May 012013
 

COTANGENT – By Daphne Cardillo

DaphneCardillo

One time I found myself browsing over a printed compilation of Internet chats carried on by different citizens of the world a few days after the 9/11 attack at the World Trade Center in New York and the Pentagon.  Among those who were chatting were mostly American citizens while some others came from New Zealand, Brazil, Mexico, Croatia and a few undetermined places of the globe.  With Cyberspace, people of different nationalities are interacting directly with each other, simplifying the world into one global community.

This time however, the issue that has been projected to a global scale is terrorism.  To my mind though and simply following the news, terrorism is an American phenomenon—it’s corresponding affliction. Only that Americans are found in many countries around the world and the US government’s interests are spread across the globe that terrorism has acquired an international status.

Interestingly enough in the course of the conversations, most of the American nationals were in an introspective mood and tone, asking themselves where have they gone wrong.  They were questioning about their government’s foreign policy and were even enumerating the accompanying violence that went with that policy. (i.e. bombing the Serbs in Kosovo or a pharmaceutical plant in Sudan, economic sanctions in Iraq, etc.)

They were realizing that the principles of freedom and democracy they so fervently espouse were not replicated abroad.  Instead, their own government is supporting repression and militarism in other lands if only to ensure the liberty and freedom of the individual American living inside and outside of the US mainland.

Before the September 11 event, any US government’s fight against those they considered terrorist were usually met with derision from other nationals as another form of imperialism or simple foreign intervention.  But after that home ground attack and more than half of the world’s population sympathizing with the Americans, the US government has acquired a tacit approval from the global community for any counterattack operation.

Yet the most interesting result of the Sept. 11 bombing is that the US government has somewhat acquired an international license—though not through the United Nations—to pursue any terrorist.  By the same token, terrorism has acquired an all-embracing meaning.  The US government is taking the authority to define who the terrorists are.  And oddly enough, the Philippines’ National Democratic Front (along with its ilk Jose Maria Sison et al.) which has been struggling for a belligerency status all these years is now being reduced to a terrorist organization.

The problem with the US government’s fight against terrorism is its arbitrary declarations of who are the terrorists.  Unlike its previous fight against communism, it is taking a freer hand in clamping down terrorists primarily because of the vagueness of the nature of terrorism itself.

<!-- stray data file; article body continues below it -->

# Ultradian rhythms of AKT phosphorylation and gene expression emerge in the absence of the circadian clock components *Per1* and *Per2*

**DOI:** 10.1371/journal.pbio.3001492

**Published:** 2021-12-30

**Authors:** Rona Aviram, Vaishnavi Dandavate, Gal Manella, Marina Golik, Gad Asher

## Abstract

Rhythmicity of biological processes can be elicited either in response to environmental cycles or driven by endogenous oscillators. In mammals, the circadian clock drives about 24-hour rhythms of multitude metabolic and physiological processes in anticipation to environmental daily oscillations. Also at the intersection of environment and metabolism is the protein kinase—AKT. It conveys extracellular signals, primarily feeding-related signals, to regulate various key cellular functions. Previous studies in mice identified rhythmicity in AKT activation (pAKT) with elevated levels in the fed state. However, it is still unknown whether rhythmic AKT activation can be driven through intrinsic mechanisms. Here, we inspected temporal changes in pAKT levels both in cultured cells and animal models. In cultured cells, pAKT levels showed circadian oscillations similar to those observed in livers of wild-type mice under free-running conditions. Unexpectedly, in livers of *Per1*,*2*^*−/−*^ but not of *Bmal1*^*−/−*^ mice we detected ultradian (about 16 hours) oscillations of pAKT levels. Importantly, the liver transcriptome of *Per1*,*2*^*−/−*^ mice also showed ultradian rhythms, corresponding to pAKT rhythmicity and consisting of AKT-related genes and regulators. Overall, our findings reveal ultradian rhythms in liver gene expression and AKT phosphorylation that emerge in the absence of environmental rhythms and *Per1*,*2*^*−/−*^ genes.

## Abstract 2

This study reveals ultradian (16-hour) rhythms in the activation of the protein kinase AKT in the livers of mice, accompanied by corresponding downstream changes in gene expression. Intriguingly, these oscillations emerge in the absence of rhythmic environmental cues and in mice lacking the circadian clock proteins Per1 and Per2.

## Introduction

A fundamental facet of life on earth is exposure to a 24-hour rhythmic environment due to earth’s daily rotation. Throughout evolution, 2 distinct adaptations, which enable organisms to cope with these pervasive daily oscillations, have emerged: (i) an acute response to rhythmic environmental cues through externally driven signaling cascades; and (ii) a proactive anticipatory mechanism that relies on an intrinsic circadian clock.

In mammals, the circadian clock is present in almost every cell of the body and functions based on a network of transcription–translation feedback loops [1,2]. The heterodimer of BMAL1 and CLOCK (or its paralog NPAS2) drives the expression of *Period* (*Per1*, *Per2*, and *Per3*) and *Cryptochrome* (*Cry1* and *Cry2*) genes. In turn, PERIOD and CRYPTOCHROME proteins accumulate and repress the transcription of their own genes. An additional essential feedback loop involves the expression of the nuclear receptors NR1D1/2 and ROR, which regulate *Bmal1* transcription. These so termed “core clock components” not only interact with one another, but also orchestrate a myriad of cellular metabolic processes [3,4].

Terrorism knows no bounds of territory, race, or nationality for it is a war of symbols.  Terrorist attacks are usually sporadic, a desperate attempt at hitting in piecemeal an all too powerful enemy.  The motives for each terrorist attack cannot even be ascertained.  Economic, political, and religious causes often overlap with each other complicating matters more.  Then as of late, the conflict of civilization or the war against culture is being highlighted as probable cause.

Unlike a revolutionary movement that pushes for a new idea to replace an existing one, like democracy over monarchy or socialism over capitalism, terrorism does not advance any coherent ideology.  It appears to be a plain reaction from perceived annihilation—a desperate attempt at survival; in recent case, of Islam.

If we try to thresh out the trimmings that surround terrorism as we see it in the late 20th century onwards, we see its roots as plain violence.  The violence inflicted by a strong nation to another through economic exploitation, political domination, and cultural obliteration.  The case is plain disrespect for other people living in this world.  In the case of the United States of America, what it so zealously fight for its people in terms of individual freedom and liberty it flagrantly denies the same to those people it employs for its own interests.   No wonder a lot of American nationals ask:  “Why do they hate us?”

History tells us that most people cowered in this kind of violence, although there were a few brave souls who made heroic marks at resistance.  And it was through this successful resistance that justice has been gradually acquired and violence is being lessened.

For several decades now, some countries in the Middle East populated mostly by Muslims have been experiencing this kind of violence from a superpower.  Fortunately for them, they’ve got the blood, the faith, and the determination to resist being held by their throats.  Any terrorist acts attributed to them have been faint reactions to the inherent violence inflicted on their people.

Guerilla warfare is the only means of fighting an enemy that is so much greater than your self.  And what happened in New York and Washington  DC is the same kind of resistance conducted by guerrillas through ambush attacks.  What made it so catastrophic is simply that it occurred in the 21st century where a few square meters of land can be accommodated by thousands of people through a multistory structure.  Advanced knowledge and modern technology aided the terrorists, while sophistication lent its piece.

Indeed, much as we profess ourselves to be civilized, modern day humanity is far from being humane with its forerunners being ruled by raw emotions of hatred, envy, and greed.  If violence continues to be inflicted by the strong over the weak, limiting other nation’s right at self-determination, then terrorism is here to stay.